Conference season is upon us, and in just over a week I, like a couple hundred other North Texas writers including Joan and Pamela, will pile into cars and head for the wilds of Grapevine. For those familiar with the vastness of Texas and awed by such a journey, let me admit here that it's about a thirty minute drive for me. No hotel required.
This will be my seventh conference, and I'm thinking of it a bit differently than those past. Those first conferences were all about learning about agents, and above all the pitch session itself. I soaked in every word, took copious notes, and generally held my breath after the agent I met with asked for a full manuscript. I would be the exception, I thought, and land the very first agent I ever met! Needless to say, this did not happen. Now I blush remembering the version of the manuscript I sent that kind woman who sent me one of the politest rejections I've ever received. Classic case of querying too early. I thought I was done, but alas, the true finished product was yet a couple of years off.
DFW Writer's Conference sent me its schedule the other day, and rather than the industry insider sessions I eagerly rushed to those early conferences, this time I find myself drawn to classes aimed at improving my craft. Sure, a query letter matters, and knowing what to say to an editor is important. But since I first got serious about a the idea of publication and a career in writing, my needs have shifted. I've got the nuts and bolts of the pre-agented stage down pretty well. I know how to write a query, how to send a partial or a full. I even know how to write a manuscript. But now what I want to do is improve that last part. A tighter story, thicker plot, irresistible characters that refuse to let the reader go. So I'll be found in the front row of classes like "Archetype as Story Engine" and "How to Write Snappy Dialogue." A dilemma, though: should I attend "Understanding Scene: Goal, Motivation, Conflict, Disaster" or "Writing the Sex Scene"? (Although perhaps the former encapsulates the latter.)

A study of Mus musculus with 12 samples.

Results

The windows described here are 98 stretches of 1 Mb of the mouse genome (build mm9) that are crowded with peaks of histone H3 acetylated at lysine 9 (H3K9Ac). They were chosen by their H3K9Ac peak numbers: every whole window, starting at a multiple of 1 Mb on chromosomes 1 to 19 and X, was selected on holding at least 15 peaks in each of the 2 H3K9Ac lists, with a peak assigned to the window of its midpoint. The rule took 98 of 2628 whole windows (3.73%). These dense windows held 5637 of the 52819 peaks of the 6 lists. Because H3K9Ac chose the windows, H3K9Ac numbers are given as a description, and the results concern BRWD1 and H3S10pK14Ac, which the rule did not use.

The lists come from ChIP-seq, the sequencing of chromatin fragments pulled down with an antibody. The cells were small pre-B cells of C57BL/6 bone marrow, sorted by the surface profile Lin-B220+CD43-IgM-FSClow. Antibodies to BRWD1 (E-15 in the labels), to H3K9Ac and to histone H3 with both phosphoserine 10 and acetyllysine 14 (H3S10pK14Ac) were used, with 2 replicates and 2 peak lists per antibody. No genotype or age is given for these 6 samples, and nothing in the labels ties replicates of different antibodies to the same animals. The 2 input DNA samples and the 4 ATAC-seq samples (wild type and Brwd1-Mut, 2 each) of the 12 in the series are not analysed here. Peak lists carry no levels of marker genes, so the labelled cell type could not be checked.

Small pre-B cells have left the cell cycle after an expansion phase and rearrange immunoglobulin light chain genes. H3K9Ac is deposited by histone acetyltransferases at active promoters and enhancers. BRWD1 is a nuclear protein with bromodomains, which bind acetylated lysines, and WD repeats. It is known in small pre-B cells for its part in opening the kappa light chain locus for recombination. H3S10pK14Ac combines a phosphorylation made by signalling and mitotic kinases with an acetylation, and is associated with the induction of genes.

As I ponder my choices, I'm also realizing how much I've changed since I first wandered into NETWO in late March 2007. I had a finished manuscript, as I said (or so I thought), I was eager and excited and by the end my thrilled buzz was matched only by the headache I'd acquired from staying "on" for two solid days. A good preview for what a book tour might feel like, it occurs to me. The very next week I headed north to Oklahoma City for OWFI, and I was hooked. I loved, in both instances, the camaraderie, the unified air of hope, the excitement of this-could-be-it that permeated the very air. Of course, it's usually not in fact, "it," but it still could be. It could be.
So DFW. For me, the goal is improved craft and no headache. Toward the latter, Saturday night a group of friends and I plan to settle back at dinner, relax and laugh, and just be. My pitch session comes Sunday, and don't get me wrong, I plan to go in there and hit it with my best shot. But this time, it's not the purpose and point of the weekend. Will the agent ask for my manuscript? There's a good chance, sure. But it's really no more than a very personal query letter, and if the agent asks for more, I won't treat it like a tippling basket as I once did. Instead, I'll note the address, make notes to send it the next week, and then head to my next session, probably "Creating Three Dimensional Characters." Because while the book I'll pitch may be the first I'll publish, maybe it won't. But writing is forever, not just a weekend.